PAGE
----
Exclusive to Android, Google Maps with Navigation is a thorn under the toenail of the sat-nav industry. Why? Because it's free and quite brilliant. So long as you're on an Android phone, that is. Google hasn't extended the sat-nav skills to the iPhone edition of Google Maps.
It gets off to a flying start, powered by the world’s best search engine. You can enter postcodes, street names, towns, businesses, landmarks or a general search term… just about anything you like, as you would in Google. The app is reliant on a data connection for its maps but can cache all it needs for your route before you set off.
The star of the show is the Google Earth-style satellite view option, and it's not just a gimmick. This makes it much more like using a proper paper map (in a good way), because you can instantly see rivers, parks, train lines, major buildings and natural landscape features around you and get a sense of what's beyond the next street.
By collating realtime data on the positions and movements of other phones on the road (and hence other cars) Google Nav is able to feed back accurate info on traffic levels around you, and it does this by colouring roads on the map accordingly: red for a snarl up, yellow for fairly busy and green for a free run. It's so simple and works so well. If you're stuck in a queue you can pinch-zoom the map out and instantly get an idea of how serious it might be, and also check out alternative routes or shortcuts.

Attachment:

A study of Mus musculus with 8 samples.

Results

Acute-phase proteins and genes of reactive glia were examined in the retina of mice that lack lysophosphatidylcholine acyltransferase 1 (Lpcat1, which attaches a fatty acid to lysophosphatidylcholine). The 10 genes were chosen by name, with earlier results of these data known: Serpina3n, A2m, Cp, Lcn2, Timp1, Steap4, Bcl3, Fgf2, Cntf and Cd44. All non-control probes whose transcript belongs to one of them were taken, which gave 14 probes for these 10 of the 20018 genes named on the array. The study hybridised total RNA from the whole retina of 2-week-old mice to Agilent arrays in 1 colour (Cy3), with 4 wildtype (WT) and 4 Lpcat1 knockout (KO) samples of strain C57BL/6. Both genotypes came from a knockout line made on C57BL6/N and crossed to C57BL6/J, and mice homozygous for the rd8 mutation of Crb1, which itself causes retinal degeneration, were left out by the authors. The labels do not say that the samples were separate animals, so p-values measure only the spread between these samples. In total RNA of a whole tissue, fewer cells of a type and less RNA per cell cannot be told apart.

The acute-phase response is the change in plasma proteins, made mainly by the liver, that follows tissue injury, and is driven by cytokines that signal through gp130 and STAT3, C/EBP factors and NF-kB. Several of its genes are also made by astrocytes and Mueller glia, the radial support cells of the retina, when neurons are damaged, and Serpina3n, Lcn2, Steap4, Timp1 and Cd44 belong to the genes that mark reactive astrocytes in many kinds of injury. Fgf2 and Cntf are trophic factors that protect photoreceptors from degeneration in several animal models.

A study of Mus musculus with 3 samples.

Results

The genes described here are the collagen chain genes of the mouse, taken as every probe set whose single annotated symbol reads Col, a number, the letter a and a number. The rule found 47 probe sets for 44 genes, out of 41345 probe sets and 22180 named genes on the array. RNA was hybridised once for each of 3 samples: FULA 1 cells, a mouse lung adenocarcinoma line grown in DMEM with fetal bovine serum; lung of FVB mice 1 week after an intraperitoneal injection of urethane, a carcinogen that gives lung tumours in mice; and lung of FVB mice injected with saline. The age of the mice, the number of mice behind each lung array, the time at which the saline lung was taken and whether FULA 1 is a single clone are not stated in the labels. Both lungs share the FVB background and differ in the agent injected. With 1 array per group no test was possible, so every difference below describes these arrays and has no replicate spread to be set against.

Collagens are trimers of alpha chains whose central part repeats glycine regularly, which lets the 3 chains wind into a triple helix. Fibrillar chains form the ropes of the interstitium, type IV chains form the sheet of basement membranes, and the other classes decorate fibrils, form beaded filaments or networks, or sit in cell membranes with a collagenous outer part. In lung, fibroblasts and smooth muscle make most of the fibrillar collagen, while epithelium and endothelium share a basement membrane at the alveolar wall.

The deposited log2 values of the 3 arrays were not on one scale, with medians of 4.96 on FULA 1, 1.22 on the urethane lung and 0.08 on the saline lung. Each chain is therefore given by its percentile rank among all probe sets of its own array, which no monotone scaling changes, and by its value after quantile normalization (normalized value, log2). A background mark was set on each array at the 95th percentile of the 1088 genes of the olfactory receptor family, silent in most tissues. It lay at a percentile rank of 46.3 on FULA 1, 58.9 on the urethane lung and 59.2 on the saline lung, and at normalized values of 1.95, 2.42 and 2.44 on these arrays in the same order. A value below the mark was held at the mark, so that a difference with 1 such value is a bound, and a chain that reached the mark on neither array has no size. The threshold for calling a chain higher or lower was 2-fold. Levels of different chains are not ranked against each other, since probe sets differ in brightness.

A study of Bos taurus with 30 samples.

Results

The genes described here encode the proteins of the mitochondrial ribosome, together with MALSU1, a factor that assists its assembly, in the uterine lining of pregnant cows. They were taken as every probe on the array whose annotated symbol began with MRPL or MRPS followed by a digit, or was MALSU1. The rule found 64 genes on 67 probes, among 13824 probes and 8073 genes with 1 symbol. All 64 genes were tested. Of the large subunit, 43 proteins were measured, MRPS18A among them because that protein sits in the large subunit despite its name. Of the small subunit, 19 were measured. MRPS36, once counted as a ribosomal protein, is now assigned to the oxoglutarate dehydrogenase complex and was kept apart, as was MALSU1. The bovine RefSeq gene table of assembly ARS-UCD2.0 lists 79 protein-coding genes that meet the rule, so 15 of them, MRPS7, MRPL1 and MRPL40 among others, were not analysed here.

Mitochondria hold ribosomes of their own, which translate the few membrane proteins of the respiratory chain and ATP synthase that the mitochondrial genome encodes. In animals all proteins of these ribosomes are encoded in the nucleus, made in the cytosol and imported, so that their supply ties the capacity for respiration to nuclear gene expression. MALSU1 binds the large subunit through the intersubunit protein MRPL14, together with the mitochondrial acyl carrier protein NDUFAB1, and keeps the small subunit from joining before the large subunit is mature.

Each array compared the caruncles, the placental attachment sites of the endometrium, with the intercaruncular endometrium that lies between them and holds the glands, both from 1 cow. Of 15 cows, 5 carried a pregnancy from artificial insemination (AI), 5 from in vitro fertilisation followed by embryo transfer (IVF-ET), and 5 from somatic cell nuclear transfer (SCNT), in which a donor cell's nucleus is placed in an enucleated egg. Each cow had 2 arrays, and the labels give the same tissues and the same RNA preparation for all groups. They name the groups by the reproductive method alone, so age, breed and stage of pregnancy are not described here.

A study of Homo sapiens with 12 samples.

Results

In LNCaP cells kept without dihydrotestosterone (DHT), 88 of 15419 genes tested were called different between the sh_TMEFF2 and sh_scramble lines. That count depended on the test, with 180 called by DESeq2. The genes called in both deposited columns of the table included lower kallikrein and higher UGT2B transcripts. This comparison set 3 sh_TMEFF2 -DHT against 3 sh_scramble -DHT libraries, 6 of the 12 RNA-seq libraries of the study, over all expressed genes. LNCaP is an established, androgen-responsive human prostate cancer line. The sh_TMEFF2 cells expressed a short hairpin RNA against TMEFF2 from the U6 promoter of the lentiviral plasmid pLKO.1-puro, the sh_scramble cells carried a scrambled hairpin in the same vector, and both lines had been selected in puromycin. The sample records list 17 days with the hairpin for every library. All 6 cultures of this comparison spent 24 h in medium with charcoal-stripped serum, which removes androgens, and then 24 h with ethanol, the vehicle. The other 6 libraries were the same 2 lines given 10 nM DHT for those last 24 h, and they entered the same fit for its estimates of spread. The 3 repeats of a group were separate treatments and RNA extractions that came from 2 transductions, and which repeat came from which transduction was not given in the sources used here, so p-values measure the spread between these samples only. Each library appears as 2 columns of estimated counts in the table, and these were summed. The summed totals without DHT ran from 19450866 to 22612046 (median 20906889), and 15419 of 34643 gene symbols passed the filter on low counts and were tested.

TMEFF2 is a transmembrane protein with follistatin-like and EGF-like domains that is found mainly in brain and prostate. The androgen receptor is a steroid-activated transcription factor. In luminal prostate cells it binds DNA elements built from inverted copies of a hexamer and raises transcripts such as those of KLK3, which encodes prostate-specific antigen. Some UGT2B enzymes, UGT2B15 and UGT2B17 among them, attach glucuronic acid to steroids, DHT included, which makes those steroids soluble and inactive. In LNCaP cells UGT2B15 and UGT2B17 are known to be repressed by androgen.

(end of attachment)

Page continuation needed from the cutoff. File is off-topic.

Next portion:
Reliable voice recognition makes it easy to use in-car, and Google Nav's search skills are phenomenal. You’ll never want to enter a postcode again. Routing is as intelligent as any rival, with alternatives on hand if you don't like the first suggestion. You’re guided by a text-to-speech robot which is sufficient but not ideal, especially if you're relying on the audio rather than looking at the display.
The snag with Google Nav has always been the need for a data connection, and that's still the case. The Google Maps side of the app will allow you to cache selected areas of the globe, but these can't be used for navigation, and until the navigation end can pre-load entire country maps you’ll still incur big roaming charges if you use it abroad.
So, not a good choice for your European tour, but for UK-based driving this is way out in front.